A day before a special town hall meeting on youth violence, a juvenile court judge is pitching a new plan that would get tougher on parents.
Marilyn Moores, a Marion County juvenile court judge, said the deadly crime spree involving two teenagers last week, is beginning to lead to a public groundswell against youth violence.
“Between that and the problems that we’ve had downtown, I think people are concerned about what’s going on with kids,” said Judge Moores.
Moores said solutions to youth violence downtown often involve increased public presence of police officers and community leaders, but she said it’s not a long-term fix.
“Policing and government response to issues can’t be sustained,” Moores said. “It shouldn’t be sustained. It’s not fair to the taxpayer. What needs to be sustained is parenting.”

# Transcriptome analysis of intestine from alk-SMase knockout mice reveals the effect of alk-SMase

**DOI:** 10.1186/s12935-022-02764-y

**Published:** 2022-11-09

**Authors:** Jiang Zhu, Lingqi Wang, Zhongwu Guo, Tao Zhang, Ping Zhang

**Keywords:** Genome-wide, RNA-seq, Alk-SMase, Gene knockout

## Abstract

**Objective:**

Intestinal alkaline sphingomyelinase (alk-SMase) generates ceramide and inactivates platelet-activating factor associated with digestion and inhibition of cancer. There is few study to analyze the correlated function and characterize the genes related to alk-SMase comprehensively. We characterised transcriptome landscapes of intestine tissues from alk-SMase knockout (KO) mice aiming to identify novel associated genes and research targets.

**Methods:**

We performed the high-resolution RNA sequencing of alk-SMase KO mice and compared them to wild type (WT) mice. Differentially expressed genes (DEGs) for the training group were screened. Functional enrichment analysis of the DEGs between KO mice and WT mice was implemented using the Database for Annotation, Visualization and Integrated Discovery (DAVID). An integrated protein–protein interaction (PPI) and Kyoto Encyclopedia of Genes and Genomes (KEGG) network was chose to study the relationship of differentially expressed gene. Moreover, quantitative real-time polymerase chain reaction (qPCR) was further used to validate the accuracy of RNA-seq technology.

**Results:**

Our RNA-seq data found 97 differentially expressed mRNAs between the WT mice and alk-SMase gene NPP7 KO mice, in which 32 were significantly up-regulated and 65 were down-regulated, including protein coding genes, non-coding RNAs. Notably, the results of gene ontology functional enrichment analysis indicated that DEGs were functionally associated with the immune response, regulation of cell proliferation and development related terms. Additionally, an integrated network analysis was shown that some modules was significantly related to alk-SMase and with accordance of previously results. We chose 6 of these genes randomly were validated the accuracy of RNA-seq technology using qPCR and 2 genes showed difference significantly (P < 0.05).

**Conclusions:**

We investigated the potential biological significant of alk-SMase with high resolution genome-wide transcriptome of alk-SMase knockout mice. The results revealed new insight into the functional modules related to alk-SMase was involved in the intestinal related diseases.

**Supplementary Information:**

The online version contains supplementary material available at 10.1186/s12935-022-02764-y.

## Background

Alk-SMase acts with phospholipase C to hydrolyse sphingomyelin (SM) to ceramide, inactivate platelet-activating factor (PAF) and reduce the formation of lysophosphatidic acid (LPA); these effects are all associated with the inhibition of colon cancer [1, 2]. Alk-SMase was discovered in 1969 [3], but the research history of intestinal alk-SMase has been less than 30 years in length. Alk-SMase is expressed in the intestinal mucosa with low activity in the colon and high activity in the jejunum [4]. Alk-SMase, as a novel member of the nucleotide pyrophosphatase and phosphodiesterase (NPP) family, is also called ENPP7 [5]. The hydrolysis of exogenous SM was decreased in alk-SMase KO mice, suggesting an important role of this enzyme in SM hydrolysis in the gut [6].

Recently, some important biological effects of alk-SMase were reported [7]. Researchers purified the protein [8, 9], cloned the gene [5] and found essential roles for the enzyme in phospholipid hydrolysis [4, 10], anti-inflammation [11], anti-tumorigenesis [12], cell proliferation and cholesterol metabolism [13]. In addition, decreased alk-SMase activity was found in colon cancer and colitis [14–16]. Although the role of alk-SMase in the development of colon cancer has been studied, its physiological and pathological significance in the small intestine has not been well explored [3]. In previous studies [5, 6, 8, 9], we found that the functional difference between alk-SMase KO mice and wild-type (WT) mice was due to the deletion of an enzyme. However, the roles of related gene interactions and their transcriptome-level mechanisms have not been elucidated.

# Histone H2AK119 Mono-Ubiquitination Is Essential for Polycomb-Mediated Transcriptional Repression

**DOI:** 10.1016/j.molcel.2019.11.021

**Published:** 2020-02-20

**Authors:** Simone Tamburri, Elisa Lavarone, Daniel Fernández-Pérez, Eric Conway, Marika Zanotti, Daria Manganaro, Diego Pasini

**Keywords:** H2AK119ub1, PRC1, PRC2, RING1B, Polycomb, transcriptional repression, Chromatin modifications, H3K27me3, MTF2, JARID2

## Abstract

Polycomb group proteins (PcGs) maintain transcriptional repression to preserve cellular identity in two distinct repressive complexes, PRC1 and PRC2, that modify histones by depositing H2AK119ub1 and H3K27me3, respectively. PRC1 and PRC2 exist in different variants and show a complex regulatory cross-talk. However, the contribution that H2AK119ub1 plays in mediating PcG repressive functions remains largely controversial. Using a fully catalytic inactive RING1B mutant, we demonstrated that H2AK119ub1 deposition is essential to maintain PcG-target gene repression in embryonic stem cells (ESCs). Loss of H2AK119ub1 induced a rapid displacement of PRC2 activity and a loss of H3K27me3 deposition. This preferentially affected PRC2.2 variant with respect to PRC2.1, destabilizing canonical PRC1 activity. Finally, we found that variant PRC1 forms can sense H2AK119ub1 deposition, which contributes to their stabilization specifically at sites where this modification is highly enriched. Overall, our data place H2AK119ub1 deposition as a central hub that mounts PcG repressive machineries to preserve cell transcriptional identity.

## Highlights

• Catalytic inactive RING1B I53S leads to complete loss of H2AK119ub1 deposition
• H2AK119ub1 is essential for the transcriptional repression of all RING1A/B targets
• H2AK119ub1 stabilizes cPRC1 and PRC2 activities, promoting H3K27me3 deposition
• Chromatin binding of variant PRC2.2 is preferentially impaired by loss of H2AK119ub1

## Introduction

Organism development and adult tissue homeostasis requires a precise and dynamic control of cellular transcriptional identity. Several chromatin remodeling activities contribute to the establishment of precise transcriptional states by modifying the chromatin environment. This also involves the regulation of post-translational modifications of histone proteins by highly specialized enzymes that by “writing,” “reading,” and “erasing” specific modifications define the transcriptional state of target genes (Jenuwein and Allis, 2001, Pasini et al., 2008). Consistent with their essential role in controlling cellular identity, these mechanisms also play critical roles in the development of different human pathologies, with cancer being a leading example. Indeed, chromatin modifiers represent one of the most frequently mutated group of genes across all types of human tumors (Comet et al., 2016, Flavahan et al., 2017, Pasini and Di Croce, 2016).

Moores said she sees that failure of family firsthand inside her courtroom.
“I see parents who sometimes can’t even be bothered to come to court with their kids,” Judge Moores said.
But even though she sees it, she said the biggest problem is that she can’t do much about it.
“We have plenty of ways of holding that child accountable, but we’re limited in what we can do with parents,” Moores said.
Though juvenile judges can’t do too much to punish parents currently, Moores believes that could be changed and could also be effective. She said one simple way to hold parents accountable would be to publicly release parent names of juveniles who are repeat offenders.
Judge Moores also believes parents of repeat offenders should be considered for fines and even criminal charges in certain circumstances.
“I think up to, and including jail in some extreme cases, might be appropriate,” Moores said.
In her opinion, that added accountability could be a sustainable solution. But even though she would like to enforce stiffer penalties for parents, she’s not the one who can make it happen.
“It would be the legislature and there are some bright folks over there who I know care about these issues,” Moores said. “Hopefully (they) are looking at them.”
A special town hall on youth violence will take place on Tuesday from 6-8 p.m. at the Eastern Star Church in Indianapolis.